Reuters/Charles Platiau

The French parliament has revived the debate over prostitution, debating on Tuesday a resolution drafted by a cross-party commission that re-iterates France’s opposition to prostitution. It would pave the way for a law that would penalise clients.


At a rally in Paris on Tuesday to protest the resolution in front of the National assembly, many sex workers wore white masks to conceal their identities, but 24-year-old Christopher Menechez is open about his profession.

"I do this to have money. And I prefer to do this and earn in three days the amount that a McDonald’s worker makes in one month," he explained."I don’t destroy my body, I’m not traumatized, and I earn money. What can I ask more?"

An estimated 20,000 people work as prostitutes in France, which is not illegal, although solicitation is. And there are strict laws against pimping, which means even landlords who rent apartments to prostitutes risk being prosecuted.

Some feminist groups who have been pushing for an abolition of prostitution, say it is to help exploited women. Menechez disagrees that all prostitutes are exploited

"Various people are exploited; there will always be exploited people in prostitution," he says. "We fight against this, but I am not exploited,and all people here are not exploited, we do prostitution of ourselves. It’s our work and we are proud of this."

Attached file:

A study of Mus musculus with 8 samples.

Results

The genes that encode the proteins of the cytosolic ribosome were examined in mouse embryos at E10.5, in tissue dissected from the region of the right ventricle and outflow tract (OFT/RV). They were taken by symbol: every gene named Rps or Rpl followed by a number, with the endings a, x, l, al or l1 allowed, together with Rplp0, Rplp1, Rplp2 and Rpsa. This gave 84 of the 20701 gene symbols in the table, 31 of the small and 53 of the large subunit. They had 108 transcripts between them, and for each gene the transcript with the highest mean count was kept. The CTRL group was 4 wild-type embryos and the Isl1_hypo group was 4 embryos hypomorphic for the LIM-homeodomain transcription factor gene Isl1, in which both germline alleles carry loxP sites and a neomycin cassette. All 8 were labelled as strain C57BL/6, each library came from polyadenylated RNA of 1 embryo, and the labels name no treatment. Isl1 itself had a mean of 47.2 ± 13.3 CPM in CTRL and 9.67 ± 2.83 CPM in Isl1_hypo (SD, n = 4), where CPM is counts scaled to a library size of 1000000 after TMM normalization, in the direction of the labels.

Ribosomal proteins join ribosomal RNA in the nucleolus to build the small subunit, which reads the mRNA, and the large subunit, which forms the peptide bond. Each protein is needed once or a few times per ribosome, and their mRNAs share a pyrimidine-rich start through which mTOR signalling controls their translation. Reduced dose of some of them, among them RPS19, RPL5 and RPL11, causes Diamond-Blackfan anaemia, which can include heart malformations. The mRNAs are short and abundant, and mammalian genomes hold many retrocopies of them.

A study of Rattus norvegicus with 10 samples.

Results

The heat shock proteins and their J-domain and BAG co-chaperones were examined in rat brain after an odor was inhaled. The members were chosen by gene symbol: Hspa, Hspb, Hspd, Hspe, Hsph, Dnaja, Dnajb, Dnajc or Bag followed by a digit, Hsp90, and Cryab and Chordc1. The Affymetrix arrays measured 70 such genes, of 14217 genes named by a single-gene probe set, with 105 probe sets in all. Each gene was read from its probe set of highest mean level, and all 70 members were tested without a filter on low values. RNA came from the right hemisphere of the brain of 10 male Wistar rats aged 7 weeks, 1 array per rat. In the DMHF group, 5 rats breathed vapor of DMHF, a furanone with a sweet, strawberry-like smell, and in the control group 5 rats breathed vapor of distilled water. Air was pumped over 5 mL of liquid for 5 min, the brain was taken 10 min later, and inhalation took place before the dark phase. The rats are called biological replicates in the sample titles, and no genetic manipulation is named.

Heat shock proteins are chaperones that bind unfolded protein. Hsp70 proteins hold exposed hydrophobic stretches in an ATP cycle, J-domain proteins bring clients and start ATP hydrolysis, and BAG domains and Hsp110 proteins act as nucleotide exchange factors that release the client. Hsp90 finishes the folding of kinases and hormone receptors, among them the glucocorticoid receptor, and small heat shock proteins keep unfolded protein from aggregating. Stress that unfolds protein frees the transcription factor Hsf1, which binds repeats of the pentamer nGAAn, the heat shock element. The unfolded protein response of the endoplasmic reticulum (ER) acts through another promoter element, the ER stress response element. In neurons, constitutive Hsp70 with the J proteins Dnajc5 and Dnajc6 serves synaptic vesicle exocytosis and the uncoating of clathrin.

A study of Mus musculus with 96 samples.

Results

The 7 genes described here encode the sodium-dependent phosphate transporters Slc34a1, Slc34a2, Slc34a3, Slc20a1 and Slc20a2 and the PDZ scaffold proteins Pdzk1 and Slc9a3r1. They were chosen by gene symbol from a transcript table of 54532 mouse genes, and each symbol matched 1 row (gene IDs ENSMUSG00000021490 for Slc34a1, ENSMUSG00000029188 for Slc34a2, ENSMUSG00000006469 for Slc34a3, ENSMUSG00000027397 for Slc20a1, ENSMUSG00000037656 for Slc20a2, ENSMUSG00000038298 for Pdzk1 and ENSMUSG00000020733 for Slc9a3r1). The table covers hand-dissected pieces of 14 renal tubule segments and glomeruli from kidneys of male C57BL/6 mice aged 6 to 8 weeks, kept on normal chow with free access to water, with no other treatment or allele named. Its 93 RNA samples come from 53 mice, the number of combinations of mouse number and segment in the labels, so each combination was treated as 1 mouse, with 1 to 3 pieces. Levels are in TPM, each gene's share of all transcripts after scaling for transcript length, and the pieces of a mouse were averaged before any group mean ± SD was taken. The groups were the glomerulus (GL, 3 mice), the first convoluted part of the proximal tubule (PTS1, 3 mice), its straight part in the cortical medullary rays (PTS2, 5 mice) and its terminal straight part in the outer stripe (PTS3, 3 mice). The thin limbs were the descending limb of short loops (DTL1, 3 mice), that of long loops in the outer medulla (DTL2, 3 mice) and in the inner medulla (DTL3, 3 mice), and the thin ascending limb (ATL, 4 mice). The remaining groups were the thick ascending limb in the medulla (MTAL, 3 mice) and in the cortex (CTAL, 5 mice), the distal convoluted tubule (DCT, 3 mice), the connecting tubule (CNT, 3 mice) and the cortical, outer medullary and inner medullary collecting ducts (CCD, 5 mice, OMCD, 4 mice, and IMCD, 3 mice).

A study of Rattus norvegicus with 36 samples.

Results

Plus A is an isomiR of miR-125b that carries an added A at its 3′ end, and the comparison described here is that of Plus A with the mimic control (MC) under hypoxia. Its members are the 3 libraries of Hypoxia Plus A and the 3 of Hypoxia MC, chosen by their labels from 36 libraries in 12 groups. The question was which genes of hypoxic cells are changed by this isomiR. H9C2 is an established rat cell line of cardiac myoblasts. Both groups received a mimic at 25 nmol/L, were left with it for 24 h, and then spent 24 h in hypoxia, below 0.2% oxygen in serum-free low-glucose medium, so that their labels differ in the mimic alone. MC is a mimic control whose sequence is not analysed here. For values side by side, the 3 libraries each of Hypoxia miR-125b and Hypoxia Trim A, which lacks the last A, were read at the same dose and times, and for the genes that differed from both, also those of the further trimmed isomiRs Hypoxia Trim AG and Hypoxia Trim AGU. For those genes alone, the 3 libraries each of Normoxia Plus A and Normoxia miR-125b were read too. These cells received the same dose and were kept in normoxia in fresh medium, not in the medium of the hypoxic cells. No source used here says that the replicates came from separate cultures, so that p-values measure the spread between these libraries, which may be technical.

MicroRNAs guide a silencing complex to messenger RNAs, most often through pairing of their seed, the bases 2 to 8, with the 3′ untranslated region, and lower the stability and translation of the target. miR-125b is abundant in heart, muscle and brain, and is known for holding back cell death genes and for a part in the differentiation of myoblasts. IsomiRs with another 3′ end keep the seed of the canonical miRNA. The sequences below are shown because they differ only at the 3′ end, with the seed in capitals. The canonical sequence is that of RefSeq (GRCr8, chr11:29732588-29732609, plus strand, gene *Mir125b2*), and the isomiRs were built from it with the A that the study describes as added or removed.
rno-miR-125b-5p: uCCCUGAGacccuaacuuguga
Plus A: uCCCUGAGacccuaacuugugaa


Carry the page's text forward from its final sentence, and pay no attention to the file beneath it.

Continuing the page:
The resolution says that "the idea of un-repressable sexual urges is an archaic concept of sexuality which should not legitimate prostitution, any more than it justifies rape".

Menechez and other sex workers are worried that this resolution is a first step towards France outlawing prostitution. This is something Claire Quidet of the anti-prostitution group Le Mouvement du Nid hopes will happen. She says it sets the tone for the French society should approach sex.

"We think that prostitution is a form of violence, because when you buy sex, you impose it on someone who doesn’t want it," she told RFI. "The person wants the money, but doesn’t want the sex, and we think there is no freedom in that relationship."

She would like French lawmakers to take a strong stance against prostitution.

"What we hope that some deputieis will work on a law that will criminalise sex buyers, but also provide solutions ot help people to exit prostitution," she said.

The issue of prostitution in France has been thrown into the spotlight recently with widespread media coverage of the case of eight people in Lille charged with operating a ring that provided sex workers to clients including, allegedly, former IMF chief, Dominque Strauss-Kahn.